UNDERNEWS

Undernews is the online report of the Progressive Review, edited by Sam Smith, who has covered Washington during all or part of one quarter of America's presidencies and edited alternative journals since 1964. The Review has been on the web since 1995. See main page for full contents

March 26, 2009

CONGRESS BANNED RESELLING CHILDREN'S BOOKS PRINTED BEFORE 1985

Washington Post - Legislation passed by Congress last August in response to fears of lead-tainted toys imported from China went into effect last month. Consumer groups and safety advocates have praised it for its far-reaching protections. But libraries and book resellers such as Goodwill are worried about one small part of the law: a ban on distributing children's books printed before 1985.

According to the Consumer Product Safety Commission, the agency charged with enforcing the act, lead in the books' inks could make its way into the mouths of little kids. Goodwill is calling for a change in the legislation even as it clears its shelves to comply, and libraries are worried they could be the next ones scrubbing their shelves. . .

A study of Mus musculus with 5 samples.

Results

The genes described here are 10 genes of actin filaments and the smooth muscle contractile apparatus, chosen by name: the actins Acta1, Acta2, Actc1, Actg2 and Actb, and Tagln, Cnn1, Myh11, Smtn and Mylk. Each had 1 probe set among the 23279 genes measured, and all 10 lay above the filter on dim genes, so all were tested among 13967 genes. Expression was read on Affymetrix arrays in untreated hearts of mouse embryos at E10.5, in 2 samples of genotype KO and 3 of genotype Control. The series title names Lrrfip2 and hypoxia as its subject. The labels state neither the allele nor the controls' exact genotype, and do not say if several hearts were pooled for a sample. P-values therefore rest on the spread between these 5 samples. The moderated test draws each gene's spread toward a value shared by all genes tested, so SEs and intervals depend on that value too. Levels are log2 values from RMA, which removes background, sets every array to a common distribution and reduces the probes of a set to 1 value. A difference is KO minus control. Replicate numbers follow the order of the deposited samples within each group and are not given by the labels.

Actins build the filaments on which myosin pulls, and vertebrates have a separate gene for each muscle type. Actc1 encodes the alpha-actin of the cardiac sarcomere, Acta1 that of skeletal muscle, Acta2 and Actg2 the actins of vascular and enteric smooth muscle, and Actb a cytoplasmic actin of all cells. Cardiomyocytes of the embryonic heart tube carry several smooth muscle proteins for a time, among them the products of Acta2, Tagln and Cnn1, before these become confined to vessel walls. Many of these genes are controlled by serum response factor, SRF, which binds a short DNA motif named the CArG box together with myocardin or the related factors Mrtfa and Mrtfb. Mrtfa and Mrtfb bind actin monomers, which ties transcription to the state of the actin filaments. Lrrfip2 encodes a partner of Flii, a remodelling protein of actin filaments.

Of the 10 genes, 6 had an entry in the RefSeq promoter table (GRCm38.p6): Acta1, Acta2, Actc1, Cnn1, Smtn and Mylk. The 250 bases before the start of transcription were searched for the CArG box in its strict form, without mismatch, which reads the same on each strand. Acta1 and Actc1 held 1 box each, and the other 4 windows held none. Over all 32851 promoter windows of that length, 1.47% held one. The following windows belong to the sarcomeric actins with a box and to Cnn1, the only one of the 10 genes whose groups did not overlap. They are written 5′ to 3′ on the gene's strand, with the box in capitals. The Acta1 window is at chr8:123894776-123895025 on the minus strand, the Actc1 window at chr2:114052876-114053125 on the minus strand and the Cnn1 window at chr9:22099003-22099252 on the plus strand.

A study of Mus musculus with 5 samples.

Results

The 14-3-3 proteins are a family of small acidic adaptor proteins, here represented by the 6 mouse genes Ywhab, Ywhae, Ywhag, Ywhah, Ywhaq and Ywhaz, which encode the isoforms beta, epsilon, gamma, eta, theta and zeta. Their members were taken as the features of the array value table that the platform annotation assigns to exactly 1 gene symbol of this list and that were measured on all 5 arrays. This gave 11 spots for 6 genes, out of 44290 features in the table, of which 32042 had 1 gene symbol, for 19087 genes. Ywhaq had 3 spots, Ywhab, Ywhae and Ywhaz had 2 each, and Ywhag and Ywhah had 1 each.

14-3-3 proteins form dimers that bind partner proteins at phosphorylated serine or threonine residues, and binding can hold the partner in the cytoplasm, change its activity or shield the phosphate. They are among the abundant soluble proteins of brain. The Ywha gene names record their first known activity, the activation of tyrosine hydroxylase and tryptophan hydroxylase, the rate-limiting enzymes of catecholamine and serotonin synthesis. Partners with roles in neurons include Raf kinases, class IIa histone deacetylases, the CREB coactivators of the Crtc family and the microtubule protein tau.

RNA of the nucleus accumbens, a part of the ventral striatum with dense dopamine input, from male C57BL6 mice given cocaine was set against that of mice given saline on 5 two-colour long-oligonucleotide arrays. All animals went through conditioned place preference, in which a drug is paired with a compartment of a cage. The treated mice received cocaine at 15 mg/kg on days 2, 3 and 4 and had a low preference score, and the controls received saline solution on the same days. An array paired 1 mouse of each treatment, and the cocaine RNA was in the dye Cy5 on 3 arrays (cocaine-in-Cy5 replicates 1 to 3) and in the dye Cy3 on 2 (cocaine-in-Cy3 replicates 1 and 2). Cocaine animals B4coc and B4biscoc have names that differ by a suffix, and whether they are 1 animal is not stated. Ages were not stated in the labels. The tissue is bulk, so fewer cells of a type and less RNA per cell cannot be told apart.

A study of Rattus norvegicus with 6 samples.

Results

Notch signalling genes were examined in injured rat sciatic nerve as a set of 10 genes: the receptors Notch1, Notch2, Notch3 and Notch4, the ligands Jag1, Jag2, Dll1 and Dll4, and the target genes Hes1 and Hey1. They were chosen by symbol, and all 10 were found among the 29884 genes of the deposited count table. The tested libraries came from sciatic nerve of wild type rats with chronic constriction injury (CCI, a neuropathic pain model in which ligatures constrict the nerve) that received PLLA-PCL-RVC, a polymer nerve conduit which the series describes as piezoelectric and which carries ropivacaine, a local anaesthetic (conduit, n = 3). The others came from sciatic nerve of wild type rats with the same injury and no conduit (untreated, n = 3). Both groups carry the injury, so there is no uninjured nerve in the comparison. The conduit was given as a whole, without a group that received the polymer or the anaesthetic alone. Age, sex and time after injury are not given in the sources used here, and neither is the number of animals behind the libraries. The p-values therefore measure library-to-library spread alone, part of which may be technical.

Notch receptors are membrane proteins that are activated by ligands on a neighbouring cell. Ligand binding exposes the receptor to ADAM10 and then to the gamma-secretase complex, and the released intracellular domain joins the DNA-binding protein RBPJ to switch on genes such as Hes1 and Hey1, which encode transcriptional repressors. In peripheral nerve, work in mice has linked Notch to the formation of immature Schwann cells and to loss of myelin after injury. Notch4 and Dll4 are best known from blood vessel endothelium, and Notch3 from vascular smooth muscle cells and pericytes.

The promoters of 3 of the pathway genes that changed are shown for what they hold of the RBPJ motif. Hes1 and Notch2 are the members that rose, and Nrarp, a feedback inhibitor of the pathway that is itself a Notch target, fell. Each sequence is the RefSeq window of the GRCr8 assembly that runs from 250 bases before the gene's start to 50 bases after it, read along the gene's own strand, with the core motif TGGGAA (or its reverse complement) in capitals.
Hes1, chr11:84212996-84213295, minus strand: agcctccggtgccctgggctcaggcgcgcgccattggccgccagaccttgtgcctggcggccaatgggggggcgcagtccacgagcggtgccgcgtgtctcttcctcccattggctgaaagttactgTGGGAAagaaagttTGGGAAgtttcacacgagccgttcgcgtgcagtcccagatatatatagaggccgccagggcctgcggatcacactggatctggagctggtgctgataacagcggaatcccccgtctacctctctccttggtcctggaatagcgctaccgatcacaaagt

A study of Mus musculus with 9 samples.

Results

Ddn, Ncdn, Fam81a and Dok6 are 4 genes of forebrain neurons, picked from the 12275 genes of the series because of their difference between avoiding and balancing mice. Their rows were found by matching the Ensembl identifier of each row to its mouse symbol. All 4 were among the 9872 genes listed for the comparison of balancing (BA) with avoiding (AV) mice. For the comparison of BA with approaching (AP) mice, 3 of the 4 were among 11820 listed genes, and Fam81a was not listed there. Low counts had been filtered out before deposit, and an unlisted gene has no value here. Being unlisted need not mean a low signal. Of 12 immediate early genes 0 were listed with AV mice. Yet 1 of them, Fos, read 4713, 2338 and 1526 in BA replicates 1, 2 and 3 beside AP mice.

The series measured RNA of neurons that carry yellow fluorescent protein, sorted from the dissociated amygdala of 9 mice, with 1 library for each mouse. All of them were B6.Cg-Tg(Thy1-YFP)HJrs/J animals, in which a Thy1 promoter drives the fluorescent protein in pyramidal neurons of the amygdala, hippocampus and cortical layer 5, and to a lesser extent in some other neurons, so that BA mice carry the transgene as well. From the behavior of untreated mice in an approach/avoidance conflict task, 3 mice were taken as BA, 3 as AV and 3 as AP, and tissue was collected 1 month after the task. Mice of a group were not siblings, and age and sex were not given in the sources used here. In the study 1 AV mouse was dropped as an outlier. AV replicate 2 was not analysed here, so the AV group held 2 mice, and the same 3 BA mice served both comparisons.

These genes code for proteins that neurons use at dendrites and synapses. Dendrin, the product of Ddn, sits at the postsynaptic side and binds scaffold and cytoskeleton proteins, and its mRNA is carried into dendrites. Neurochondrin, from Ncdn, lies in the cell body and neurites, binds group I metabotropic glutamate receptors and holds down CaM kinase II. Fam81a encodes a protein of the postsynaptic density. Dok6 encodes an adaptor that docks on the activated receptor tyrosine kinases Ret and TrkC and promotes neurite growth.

Scientists are emphatic that lead, which was common in paints before its use was banned in 1978, poses a threat to the neural development of small children. But they disagree about whether there is enough in the ink in children's books to warrant concern. Some even accuse the safety commission of trying to undermine the law by stirring up popular backlash. . .

"On the scale of concerns to have about lead, this is very clearly not a high priority," said Ellen Silbergeld, a MacArthur scholar and professor of public health at Johns Hopkins University who is considered one of the leading experts on lead poisoning.

"It doesn't take a tremendous amount of intelligence to figure out what the highest-risk sources of lead are," Silbergeld said. "This is a way of distracting attention from their failure to protect children from the clear and present dangers of lead. I think this is just absurd, and I think it's disingenuous." She said that toys, poorly made jewelry and other trinkets were cause for much more alarm.